Shining a light on AutoCAD DIMs

Scott Wilcox

Scott Wilcox

This week’s guest post is from AutoCAD and Civil 3D expert Scott Wilcox.

Visit Scott’s Blog ‘Frozen Layers‘ for more AutoCAD Quick tips.


Understanding how to apply the AutoCAD DIM commands

Shining a Light on DIMS

There are more than 80 variables that control the behavior and appearance of dimensions, and there are another thirty or so dimension related commands besides. Here are two DIM gems: DIMSPACE and DIMROTATED.

Related: AutoCAD help, commands for basic dimensioning


DIMSPACE allows spacing between dimensions to be adjusted, either by setting a gap distance between stacked dimensions, or by setting them to appear in a line.

At the DIMSPACE prompt, users select the base dimension, and then select the dimensions they wish to be lined up with the base dim. In the example below, the leftmost dim will be selected as the base dimension.

The DIMSPACE AutoCAD variable controls dimension annotation spacing

Adjusting DIMSPACE

After selecting the base dimension, the other dimensions are selected, and users are prompted for a DIMSPACE value. To line them up, enter a value of 0 (zero); AutoCAD will align the dims in the plane of the first dimension.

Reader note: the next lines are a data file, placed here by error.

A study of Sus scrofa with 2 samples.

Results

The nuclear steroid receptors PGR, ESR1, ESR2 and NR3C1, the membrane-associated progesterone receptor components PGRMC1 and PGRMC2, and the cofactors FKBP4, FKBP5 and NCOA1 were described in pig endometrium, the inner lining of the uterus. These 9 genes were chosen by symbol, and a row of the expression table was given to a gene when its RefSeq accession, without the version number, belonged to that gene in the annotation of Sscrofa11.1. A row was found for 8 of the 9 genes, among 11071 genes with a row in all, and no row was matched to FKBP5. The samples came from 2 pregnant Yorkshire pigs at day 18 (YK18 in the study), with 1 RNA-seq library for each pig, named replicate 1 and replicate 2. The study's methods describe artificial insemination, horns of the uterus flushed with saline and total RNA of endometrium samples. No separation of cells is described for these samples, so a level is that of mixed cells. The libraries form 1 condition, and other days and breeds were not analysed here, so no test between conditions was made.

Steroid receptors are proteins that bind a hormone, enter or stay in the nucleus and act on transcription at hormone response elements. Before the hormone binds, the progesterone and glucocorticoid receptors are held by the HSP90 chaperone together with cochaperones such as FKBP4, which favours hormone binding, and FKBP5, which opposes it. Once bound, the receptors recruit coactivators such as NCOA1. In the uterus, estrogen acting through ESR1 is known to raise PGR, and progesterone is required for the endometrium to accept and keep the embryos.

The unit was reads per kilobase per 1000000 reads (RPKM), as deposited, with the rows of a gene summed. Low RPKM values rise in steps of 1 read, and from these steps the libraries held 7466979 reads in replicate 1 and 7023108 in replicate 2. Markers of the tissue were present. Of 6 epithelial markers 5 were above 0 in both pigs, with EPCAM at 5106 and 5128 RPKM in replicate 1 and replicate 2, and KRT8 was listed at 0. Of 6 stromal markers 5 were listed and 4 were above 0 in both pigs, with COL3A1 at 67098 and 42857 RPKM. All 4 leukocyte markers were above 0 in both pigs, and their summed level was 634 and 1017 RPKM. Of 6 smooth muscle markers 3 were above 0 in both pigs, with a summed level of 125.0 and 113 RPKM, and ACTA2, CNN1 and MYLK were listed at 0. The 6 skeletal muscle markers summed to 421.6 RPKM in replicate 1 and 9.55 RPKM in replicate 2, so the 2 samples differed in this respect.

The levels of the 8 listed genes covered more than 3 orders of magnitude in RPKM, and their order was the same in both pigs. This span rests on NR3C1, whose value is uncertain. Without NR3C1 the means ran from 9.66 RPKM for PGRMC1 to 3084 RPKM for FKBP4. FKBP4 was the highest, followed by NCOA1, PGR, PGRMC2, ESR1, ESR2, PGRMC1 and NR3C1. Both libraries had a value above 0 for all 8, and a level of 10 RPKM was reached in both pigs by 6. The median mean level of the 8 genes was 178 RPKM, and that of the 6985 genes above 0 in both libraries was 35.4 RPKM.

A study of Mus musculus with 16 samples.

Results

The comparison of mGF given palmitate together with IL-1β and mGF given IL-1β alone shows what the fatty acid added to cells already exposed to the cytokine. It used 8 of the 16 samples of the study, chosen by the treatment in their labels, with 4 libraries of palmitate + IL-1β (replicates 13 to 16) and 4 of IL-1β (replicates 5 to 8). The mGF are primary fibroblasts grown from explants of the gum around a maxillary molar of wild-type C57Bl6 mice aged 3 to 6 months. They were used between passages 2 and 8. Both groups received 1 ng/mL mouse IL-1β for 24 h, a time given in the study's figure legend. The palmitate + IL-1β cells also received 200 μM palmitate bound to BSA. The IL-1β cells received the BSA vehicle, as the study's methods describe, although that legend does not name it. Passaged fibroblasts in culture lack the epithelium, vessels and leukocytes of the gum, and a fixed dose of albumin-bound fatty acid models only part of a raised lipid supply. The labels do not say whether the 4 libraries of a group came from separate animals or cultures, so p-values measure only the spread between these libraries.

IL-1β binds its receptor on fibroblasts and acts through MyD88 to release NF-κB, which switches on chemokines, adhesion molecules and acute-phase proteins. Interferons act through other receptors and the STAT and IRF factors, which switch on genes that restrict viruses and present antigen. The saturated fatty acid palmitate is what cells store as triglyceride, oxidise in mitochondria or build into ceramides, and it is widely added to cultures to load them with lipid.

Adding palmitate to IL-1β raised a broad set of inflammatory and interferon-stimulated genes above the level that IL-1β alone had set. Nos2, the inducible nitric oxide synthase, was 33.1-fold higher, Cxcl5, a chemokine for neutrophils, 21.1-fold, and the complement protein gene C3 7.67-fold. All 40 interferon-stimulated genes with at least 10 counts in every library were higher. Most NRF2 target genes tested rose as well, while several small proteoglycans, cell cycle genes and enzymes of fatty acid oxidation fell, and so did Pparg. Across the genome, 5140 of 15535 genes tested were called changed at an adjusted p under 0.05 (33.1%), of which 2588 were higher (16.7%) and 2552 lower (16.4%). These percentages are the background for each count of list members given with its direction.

The end result: all dimensions are now in line!

The AutoCAD DIMSPACE variable has been adjust to line up the dimension annotations



DIMROTATED allows the creation of a dimension that is neither aligned nor linear.

Related Post:  What every Drafter needs to know about AutoCAD Grip Editing

Instead, the dimension follows at an angle the user inputs before the dimension’s creation. Once the angle is either input or defined by picking points, the user is prompted for the start and end points of the dimension, and the dimension is created.

As the image shows, there is a considerable difference in both appearance and distance reported by the two dimensions.

Applying the AutoCAD DIMROTAED command to create aligned dimensions


Thanks very much Scott.

Do you have a favourite AutoCAD dims tip? Leave a comment below.


Scott Wilcox

Scott Wilcox is the Senior CAD Designer at Morrison Hershfield, in Edmonton , Alberta, Canada and has been using AutoCAD since R11 (1992). Scott Studied Architectural Engineering Technology in Newfoundland, Canada and taught AutoCAD at The Alberta School of Drafting.
Scott is Currently VP at Autodesk User Group International (AUGI) and in his spare time enjoys gardening, stargazing, music (guitar and piano).
Scott’s motto is: Make a difference every day.